Damage susceptibility, advantages and historical precedence.


Torpedos were very dangerous when hit. All those torpedos on deck, and in the magazine below, were an explosion waiting to happen and it was considered an unnecessary hazard. They weren't used very often by cruisers and rarely to any great effect.  For WoWS cruisers that carry torpedos, "TORPEDO TUBES DESTROYED", could easily be a massive detonation that breaks the ship in half. I'm not suggesting that ships should blow up more easily (which would be historically accurate) but the American cruisers should blow up less frequently because of the reduced risk of torp warhead explosion. This valid rationale would help mitigate the poor armor on USN cruisers. 

Also, the American cruisers have a higher freeboard, they sit high out of the water. This wasn't sloppy design. It made for more room. More room means greater comfort for the crew. A more comfortable crew should have quicker reload, damage control times and anything that requires humans to react. 


There are a few reasons why the US cruisers had no torps:

Torpedos were very dangerous when hit. All those torpedos on deck, and in the magazine below, were an explosion waiting to happen and it was considered an unnecessary hazard. They weren't used very often by cruisers and rarely to any great effect.  For WoWS cruisers that carry torpedos, "TORPEDO TUBES DESTROYED", could easily be a massive detonation that breaks the ship in half. I'm not suggesting that ships should blow up more easily (which would be historically accurate) but the American cruisers should blow up less frequently because of the reduced risk of torp warhead explosion. This valid rationale would help mitigate the poor armor on USN cruisers. 

Also, the American cruisers have a higher freeboard, they sit high out of the water. This wasn't sloppy design. It made for more room. More room means greater comfort for the crew. A more comfortable crew should have quicker reload, damage control times and anything that requires humans to react. 

Interesting. but not why it actually happened.

Most prewar US Navy cruisers were built with torpedo tubes, and had them removed before the war. They were tonnage better spent on AA guns, and the US Navy had the idea that cruisers would fight in a similar manner to battleships, in longer ranged gunnery duels. The US Navy didn't plan for battles like Guadalcanal.

The high freeboard was for seaworthiness, as the US Navy didn't have any one operational theater in mind, so the ships needed to be useful everywhere.


Interesting. but not why it actually happened.

Most prewar US Navy cruisers were built with torpedo tubes, and had them removed before the war. They were tonnage better spent on AA guns, and the US Navy had the idea that cruisers would fight in a similar manner to battleships, in longer ranged gunnery duels. The US Navy didn't plan for battles like Guadalcanal.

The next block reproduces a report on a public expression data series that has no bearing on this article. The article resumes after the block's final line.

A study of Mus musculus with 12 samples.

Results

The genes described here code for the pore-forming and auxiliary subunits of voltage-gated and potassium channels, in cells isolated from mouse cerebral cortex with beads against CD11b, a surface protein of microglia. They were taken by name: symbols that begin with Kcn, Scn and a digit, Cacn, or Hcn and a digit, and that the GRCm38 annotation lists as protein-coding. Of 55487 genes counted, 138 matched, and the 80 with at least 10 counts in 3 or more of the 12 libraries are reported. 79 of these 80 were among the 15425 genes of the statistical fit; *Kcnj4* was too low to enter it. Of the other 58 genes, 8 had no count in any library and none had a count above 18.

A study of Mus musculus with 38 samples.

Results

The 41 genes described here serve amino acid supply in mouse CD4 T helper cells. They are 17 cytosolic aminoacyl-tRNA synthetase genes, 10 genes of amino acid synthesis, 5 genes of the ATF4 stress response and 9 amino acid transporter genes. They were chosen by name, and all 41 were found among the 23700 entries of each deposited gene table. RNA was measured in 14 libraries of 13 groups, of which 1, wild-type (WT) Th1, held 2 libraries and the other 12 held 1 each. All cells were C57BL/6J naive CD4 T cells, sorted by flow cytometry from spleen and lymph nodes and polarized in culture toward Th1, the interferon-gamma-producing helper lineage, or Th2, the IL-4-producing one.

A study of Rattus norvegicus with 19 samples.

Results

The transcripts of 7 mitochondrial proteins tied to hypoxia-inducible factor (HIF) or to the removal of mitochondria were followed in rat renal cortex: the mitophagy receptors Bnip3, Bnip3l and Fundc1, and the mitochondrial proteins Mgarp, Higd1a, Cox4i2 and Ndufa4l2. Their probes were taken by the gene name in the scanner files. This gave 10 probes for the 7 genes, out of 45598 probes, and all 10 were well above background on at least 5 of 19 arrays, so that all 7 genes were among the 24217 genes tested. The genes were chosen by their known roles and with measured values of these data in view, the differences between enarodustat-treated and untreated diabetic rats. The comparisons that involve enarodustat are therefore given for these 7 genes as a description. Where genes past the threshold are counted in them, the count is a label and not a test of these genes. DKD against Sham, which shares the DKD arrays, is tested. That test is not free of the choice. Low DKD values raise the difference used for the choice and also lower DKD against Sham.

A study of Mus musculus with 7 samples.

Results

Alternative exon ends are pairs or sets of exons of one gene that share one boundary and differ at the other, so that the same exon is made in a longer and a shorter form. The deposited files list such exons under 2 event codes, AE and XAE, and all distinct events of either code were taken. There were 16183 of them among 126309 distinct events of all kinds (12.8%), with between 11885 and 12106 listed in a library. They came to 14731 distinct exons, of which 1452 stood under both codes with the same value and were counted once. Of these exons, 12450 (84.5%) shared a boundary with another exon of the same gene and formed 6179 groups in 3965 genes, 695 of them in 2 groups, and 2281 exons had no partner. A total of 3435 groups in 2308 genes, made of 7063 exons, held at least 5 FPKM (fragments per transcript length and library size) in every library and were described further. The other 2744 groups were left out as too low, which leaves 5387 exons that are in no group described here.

The high freeboard was for seaworthiness, as the US Navy didn't have any one operational theater in mind, so the ships needed to be useful everywhere.

Maybe I am incorrect on the planning for torpedos... I thought they were intentionally left off but your reasoning makes sense.  I don't mean to imply  the high freeboard was specifically for crew comfort but more room for the crew was a result. 

In both cases though the factors could be reflected in the game. Japanese ships had torpedos explode after hits a couple of times.

Any way you slice it, torpedos on deck are dangerous and result in more explosions and a larger hull means more room for the crew. The US cruisers should have a bump in hit points and crew responsiveness -  even it's token, it acknowledges facts. 


Maybe I am incorrect on the planning for torpedos... I thought they were intentionally left off but your reasoning makes sense.  I don't mean to imply  the high freeboard was specifically for crew comfort but more room for the crew was a result. 

In both cases though the factors could be reflected in the game. Japanese ships had torpedos explode after hits a couple of times.

Any way you slice it, torpedos on deck are dangerous and result in more explosions and a larger hull means more room for the crew. The US cruisers should have a bump in hit points and crew responsiveness -  even it's token, it acknowledges facts. 

Well, the lack of torpedoes is reflected in game in at least one way, the additional AA guns and radar at the higher tiers. I'm also not certain, but I think that torpedoes can be a source of "detonations" so not having them does reduce that chance.

The higher freeboard is not unique to US Navy cruisers though, British and French cruisers also tend to have higher freeboards because of global commitments. As far as extra room having an effect on the crew, it's probably a wash, at least if you don't look at the Japanese. The IJN is about the only navy that crammed the crew into a cruiser to the point that at least the Royal Navy figured it was detrimental to crew quality.


 

It wouldn't make the DD or CV people happy but American torpedos below a certain tier could fail to denote 20% of the time.